The Samsung Chromebook 2 is now available to buy in the US from Amazon, BestBuy and other select retailers — but with the updated devices costing as much as $100 more than the previous model, are they priced for success?
With a raft of newer, cheaper and more powerful Chrome OS devices on the way from Acer, ASUS and Lenovo, the eight-core Samsung Chromebook successor may not seem like it’s worth a punt.
The runaway success of the Samsung Series 3 Chromebook back in 2012 invigorated the declining Chrome OS device market. Hitting store shelves with the low price tag of $249 attached, it was the first Chromebook to come priced in line with people’s expectations from a cloud-centric notebook.
Earlier Chromebooks, like the company’s own Series 550, positioned the notion of a ‘secondary computer’ as a premium device – a luxury. With a move away from high-end prices towards affordability, what the Series 3 lacked in build quality and performance it more than made up for it in a killer combination of portability and price.
Second Album Syndrome
Like an artist who hit the big time with their major label debut, Samsung find themselves in the difficult second album phase. A great second album should do two key things: refine the success of the first, but also introduce new stuff in the mix. Fans don’t want a dramatic change but they also don’t want a clone of what they already own.
Samsung appears to be sticking to this brief. The Samsung Chromebook 2 comes in two sizes, with a larger 13.3″ model introduced as a counter to the success of HP’s 14-inch whopper and Toshiba’s 13-inch debutante.
Internally the Chromebook 2 sticks to the strengths that made the preceding model so successful.
Based on an eight-core ARM SoC to provide a decent balance between value and performance, it also comes loaded with all of the standard features you’d expect in a portable, including speedy wireless connectivity, a host of connectivity ports, HDMI out and a built-in webcam.
Samsung know that pairing unique touches with familiar flair will help the device stand out in an increasingly crowded market. This can be seen in the (divisive) choice of lid texture: a moulded leather effect. While more commonly associated with premium office goods of the late 80’s than mid-range consumer electronics, it’s something that gives the notebook a clear point of difference.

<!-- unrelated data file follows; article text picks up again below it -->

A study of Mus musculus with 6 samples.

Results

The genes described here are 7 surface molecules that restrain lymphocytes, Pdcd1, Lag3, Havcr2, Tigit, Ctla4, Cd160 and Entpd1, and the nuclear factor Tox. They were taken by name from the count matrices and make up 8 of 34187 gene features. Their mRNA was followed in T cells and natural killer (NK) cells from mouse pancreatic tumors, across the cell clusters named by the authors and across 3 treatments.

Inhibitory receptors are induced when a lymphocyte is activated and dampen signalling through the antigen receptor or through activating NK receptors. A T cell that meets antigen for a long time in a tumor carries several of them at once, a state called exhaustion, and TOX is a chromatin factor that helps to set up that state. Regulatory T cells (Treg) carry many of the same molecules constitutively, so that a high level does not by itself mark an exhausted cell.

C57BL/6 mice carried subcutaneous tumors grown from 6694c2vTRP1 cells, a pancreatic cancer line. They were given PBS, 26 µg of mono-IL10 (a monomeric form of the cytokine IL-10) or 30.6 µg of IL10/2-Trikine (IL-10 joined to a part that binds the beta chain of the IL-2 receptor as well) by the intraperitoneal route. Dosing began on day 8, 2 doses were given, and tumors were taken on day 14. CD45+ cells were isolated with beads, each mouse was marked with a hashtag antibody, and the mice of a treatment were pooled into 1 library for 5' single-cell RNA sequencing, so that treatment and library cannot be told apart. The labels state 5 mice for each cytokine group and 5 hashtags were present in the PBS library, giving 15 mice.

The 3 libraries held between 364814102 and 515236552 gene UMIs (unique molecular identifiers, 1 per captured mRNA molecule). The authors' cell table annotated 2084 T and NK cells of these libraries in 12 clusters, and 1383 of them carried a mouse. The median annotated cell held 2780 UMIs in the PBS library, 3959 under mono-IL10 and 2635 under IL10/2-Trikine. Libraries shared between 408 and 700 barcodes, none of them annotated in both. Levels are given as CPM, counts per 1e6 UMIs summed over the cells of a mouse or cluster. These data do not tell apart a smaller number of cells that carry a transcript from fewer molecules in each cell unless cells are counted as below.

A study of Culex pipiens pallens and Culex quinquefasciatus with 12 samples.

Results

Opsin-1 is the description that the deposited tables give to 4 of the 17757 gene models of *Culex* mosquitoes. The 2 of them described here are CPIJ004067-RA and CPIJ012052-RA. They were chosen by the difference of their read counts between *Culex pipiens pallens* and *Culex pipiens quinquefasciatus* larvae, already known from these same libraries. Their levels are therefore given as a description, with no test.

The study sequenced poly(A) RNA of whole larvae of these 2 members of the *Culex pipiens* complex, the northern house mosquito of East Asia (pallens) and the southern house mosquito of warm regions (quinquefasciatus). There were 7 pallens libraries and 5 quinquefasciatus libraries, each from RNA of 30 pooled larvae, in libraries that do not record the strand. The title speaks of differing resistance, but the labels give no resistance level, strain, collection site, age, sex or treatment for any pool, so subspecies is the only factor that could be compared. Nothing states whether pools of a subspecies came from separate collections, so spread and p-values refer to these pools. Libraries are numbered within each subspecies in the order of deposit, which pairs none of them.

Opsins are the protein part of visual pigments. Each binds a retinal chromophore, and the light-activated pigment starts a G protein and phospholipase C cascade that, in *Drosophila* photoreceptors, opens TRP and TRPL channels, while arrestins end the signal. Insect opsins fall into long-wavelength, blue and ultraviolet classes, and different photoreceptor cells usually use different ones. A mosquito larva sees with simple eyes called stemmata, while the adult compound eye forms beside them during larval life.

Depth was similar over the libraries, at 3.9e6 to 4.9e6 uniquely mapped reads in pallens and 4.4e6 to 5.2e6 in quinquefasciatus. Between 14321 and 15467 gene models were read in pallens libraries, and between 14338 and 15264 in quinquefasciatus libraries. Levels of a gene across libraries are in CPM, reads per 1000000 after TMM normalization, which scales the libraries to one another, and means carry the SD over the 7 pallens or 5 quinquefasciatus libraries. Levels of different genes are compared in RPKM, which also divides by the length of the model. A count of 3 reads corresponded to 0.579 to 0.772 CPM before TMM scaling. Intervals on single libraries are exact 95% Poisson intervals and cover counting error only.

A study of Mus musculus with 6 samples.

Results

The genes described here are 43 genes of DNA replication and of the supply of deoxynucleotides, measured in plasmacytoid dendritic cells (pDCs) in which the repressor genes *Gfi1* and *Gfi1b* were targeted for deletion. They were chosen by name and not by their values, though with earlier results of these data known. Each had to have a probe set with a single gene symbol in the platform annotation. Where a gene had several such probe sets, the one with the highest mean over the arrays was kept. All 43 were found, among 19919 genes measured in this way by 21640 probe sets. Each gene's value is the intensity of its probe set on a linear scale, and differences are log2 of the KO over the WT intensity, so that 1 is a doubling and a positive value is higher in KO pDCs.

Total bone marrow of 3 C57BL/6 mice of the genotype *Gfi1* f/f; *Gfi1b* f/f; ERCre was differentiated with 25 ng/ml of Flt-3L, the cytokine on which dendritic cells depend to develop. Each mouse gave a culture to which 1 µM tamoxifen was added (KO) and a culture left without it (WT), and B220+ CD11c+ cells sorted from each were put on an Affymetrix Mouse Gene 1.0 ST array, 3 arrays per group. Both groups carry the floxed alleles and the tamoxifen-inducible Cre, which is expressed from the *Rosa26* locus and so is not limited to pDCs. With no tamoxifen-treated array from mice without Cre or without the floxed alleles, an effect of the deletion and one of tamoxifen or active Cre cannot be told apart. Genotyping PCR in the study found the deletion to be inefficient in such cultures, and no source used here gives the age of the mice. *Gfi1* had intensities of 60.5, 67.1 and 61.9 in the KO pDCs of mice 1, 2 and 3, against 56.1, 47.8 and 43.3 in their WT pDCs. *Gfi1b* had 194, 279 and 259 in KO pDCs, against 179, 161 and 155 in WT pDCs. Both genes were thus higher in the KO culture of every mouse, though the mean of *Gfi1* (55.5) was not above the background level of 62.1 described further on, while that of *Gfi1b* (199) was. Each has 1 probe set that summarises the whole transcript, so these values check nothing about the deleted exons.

But are any of these flourishes enough to justify the $319 and $399 starting prices? To help you decide, here is a quick guide to some of the selling points on offer, and why they might be worth forking out for.
Eight Core Four
There’s a powerful quad-core ARM Cortex A15 clocked at 1.9GHz for handling demanding apps, multitasking and media, while a power-friendly quad-core A9 chip shoulders the less intensive tasks. There’s also 4GB RAM onboard to make multitasking more responsive.
Benchmarks will — indeed some already have — award their winners and losers in the CPU speed stakes, but what matters more than the millisecond faster page loading times is how performance feels under real, everyday tasks – the sort of work most of us use a Chromebook for is different from the suites benchmarking tests run.
With BIG.Little architecture on board the Exynos Octa is able to offload less intensive tasks to a quad of power-friendly cores. When you need more grunt it can transition back to the ‘big’ cores as needed. Early reviews back this up, reporting that the CPU delivers a speedy, but not outstanding, experience.
Why: It’s the only notebook with this processor on the market.
Impressive HD Screen
All right, so the display on the SC2 won’t wow Pixel owners, nor will it one-up the IPS display used in HP’s 11-inch entry.
But with the bigger models sporting full HD LED screens at a resolution of 1920×1080, it’s the best resolution you’ll find on a Chromebook without selling a body part to afford the Pixel.
Why: 13-inch version features a 1920×1080 resolution.
Luxurious Look & Build
The leather-look backing and mock moulded-plastic stitching that encases the Samsung Chromebook 2 won’t be to everyone’s tastes — heck, it’s certainly not to mine!
But the gaudy charm does help lend the notebook a unique identity.
Then there are the colour options, too. The 11.6-inch model can be bought in either white or black, while the 13.3-inch comes in one colour: ‘Titan Grey’.
The keyboard and trackpad are described by earlier reviewers as ‘fantastic’ and ‘high-end’, and the overall build quality praised.
Why: Choice of colours, plus a high-end look and feel.
Samsung had a lot of hype to deliver on. Do they achieve it? Almost.
Other Chromebooks tend to have one stand out feature, e.g., IPS display, biggest trackpad, fastest processor. The Samsung Chromebook 2 is more humble; the lure comes from its combination of features. It’s not the fastest Chromebook, but it is fast. It doesn’t have the very best screen, but it’s the second best available, and so on.
Had Samsung sought to price it more competitively I’ve every expectation that it would fly off the shelves. But at an entry point of $319 for the 11-inch and one cent shy of $400 for the 13-inch, it’s likely to remain a mid-range seller. Which, all told, is rather fitting for this mid-range Chromebook.